University Connect at Georgetown

Anne Johnson | June 12, 2014
Anne Johnson, Georgetown MA Student

Sitting in front of my computer in early January, I was stumped. Paging through information on young social entrepreneurs who had applied to collaborate with my classmates and I at Georgetown through YouthActionNet’s University Connect program, I was awed by the accomplishments and passion of each YouthActionNet Fellow.  What could I, from my desk in Washington, D.C., possibly contribute to their teams? 

My earlier experiences, first studying anthropology in college and later working with development organizations in the US and overseas, had made me suspicious of outsiders parachuting in with “solutions” to contexts they don’t fully understand.  Yet the more I read about Kat-Katha, an organization founded by YouthActionNet Fellow Gitanjali Babbar in India, the more I was inspired to learn about their work and their team.

Kat-Katha, based in Delhi’s GB Road brothel district, aims to increase the life choices of sex workers and their children who live in the brothels. This mission appealed to me for several reasons including my background with gender and development, participation with anti-human trafficking projects in Central Asia, and personal experiences visiting my fiancé’s family in Delhi. And although I am not myself an entrepreneur, my awareness of the growing impacts of social enterprises worldwide                    Gitanjali Babbar, Founder of Kat-Katha compelled me to explore how I might collaborate
with or support social entrepreneurs in my own career.

While many global development graduate programs simply teach their students about development, the University Connect program offered an opportunity for my classmates and I to engage in hands-on consulting projects with youth-led social entrepreneurs working in the field. The enthusiasm my classmate Mary and I shared for Kat-Katha must have been evident—after we presented our findings from the needs assessment portion of the consulting experience, half of our class voiced interest in working with Kat-Katha for the later project development portion.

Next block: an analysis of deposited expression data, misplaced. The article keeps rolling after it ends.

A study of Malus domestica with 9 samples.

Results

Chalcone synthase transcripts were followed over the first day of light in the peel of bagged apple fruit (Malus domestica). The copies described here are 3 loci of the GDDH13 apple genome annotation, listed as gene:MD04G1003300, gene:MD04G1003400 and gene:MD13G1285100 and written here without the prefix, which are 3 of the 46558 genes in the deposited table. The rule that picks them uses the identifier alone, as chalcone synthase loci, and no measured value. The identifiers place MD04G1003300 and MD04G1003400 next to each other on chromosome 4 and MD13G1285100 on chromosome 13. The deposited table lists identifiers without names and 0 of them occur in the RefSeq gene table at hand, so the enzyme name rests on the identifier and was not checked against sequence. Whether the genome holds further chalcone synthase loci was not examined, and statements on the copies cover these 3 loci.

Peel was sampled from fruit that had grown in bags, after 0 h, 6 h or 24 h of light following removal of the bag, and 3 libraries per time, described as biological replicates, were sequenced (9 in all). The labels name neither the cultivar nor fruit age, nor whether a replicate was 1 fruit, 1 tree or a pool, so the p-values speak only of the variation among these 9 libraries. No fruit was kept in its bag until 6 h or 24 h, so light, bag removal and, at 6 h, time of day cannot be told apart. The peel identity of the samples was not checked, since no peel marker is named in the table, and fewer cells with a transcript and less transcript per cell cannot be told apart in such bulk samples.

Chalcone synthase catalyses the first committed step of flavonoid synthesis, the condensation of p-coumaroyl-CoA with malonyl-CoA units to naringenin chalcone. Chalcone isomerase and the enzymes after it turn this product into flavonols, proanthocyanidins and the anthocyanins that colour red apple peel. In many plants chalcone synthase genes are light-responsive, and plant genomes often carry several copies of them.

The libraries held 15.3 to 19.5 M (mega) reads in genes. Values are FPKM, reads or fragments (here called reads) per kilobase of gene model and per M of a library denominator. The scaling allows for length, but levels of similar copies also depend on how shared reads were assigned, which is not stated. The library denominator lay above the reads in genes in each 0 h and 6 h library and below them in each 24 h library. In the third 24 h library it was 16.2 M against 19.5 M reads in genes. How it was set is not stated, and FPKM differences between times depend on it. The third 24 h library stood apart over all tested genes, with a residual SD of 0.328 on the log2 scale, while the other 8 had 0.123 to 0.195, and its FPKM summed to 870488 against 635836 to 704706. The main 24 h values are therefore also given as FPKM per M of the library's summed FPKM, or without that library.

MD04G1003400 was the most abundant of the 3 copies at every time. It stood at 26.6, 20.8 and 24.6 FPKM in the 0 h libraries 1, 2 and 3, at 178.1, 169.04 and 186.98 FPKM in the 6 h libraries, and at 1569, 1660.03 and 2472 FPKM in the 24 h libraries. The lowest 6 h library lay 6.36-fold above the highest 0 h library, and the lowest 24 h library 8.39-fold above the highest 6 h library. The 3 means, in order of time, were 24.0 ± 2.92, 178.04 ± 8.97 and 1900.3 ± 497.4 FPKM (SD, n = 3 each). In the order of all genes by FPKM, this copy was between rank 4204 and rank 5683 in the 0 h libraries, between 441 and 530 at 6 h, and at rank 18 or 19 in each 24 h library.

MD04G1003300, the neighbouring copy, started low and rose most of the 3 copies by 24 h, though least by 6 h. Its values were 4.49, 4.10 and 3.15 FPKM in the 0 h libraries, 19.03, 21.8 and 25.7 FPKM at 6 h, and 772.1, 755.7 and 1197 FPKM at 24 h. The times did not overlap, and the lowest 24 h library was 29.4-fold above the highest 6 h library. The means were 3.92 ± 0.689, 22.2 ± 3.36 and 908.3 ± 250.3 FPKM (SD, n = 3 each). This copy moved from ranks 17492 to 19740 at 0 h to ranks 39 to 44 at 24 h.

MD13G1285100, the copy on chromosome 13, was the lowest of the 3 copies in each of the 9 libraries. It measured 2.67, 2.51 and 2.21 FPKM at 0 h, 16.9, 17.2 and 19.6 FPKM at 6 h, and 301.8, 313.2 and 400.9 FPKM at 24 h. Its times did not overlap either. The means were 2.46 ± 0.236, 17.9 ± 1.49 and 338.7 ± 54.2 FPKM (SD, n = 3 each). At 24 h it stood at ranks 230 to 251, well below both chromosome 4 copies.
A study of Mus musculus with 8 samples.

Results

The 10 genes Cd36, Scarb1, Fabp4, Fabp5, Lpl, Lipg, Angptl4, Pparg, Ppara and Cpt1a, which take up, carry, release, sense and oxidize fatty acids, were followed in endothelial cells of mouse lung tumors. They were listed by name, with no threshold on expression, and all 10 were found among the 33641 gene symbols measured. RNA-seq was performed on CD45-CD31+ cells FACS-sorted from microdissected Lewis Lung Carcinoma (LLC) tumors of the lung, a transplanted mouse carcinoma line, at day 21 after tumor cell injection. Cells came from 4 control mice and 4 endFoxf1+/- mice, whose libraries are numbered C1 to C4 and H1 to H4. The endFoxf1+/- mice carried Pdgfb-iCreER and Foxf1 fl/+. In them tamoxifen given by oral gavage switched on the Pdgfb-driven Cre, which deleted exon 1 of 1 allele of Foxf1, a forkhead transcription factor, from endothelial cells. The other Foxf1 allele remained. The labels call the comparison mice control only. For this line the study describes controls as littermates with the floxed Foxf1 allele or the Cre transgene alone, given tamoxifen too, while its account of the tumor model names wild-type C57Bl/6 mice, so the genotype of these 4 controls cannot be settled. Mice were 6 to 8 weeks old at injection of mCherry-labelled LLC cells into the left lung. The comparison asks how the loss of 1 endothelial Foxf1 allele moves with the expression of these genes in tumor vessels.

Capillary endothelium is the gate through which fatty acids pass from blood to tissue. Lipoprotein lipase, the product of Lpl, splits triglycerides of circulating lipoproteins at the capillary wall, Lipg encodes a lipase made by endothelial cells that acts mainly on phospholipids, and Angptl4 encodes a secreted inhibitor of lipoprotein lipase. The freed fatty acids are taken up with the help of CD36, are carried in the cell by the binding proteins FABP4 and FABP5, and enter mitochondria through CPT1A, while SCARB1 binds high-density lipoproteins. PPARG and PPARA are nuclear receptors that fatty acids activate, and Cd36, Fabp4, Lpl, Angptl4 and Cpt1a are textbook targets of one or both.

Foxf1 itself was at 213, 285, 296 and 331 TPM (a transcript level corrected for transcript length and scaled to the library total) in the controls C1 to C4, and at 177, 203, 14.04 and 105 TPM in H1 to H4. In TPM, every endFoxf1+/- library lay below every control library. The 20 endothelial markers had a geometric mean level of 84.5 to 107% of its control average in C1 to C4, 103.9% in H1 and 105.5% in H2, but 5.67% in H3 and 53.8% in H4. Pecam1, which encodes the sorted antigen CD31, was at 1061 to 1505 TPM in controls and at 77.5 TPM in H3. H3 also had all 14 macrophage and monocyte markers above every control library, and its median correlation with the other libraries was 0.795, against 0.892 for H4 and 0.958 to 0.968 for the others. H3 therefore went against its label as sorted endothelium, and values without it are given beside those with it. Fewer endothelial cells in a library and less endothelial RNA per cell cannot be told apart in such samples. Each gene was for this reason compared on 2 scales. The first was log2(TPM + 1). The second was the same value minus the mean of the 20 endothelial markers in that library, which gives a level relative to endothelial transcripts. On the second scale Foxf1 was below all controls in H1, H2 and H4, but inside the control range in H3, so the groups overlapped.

Working via Skype and by email, we learned about Kat-Katha’s locally-rooted vision, their limitations, and ways in which our Georgetown team’s technical skills could complement their growth priorities. Even as a team in DC, my classmates and I gleaned new knowledge from each others’ diverse skill sets, combining our professional and academic experiences as MBA and MA students from China, India, Nigeria, Taiwan and the US.

Through the consultancy, our team ultimately produced tools for Kat-Katha related to financial tracking and projections, fundraising, and monitoring and evaluation. Yet along the way, we also learned about the difficulties of balancing mission and commitment to community needs with building systems for organizational growth. At the close of the experience, when presenting to our classmates and answering questions about the project, we realized how much we had learned from Kat-Katha’s leaders about the nuanced navigation of concerns from the public, such as whether Kat-Katha’s non-judgmental, open approach toward both sex workers and brothel owners is “supporting prostitution.” When classmates asked similar questions, we found ourselves defending Kat-Katha’s approach to sex worker empowerment. We experienced a glimpse of the reality faced by Kat-Katha as they work continuously to convince society that their approach is working to build a safer, more empowered community on GB Road.

By the end of the semester, after observing the lessons learned and relationships built between my classmates and the other YouthActionNet Fellow teams we’d collaborated with, I became a believer. Programs like University Connect not only allow social entrepreneurs to utilize the technical skills of graduate students, but also enable graduate students like myself to gain crucial hands-on experience with social enterprises around the world. While we all will go forward to lead change in different ways, after learning from one another, we are each better prepared to make a difference.

Anne Johnson is a student at Georgetown University’s Global Human Development Program. Anne holds a BA in International Studies and Anthropology from Macalester College, and has also studied in China, Croatia, and the Netherlands.

To learn more about Gitanjali and Kat-Katha, read Sparking Change in India’s Largest Red Light District or watch Gitanjali's Change Series video.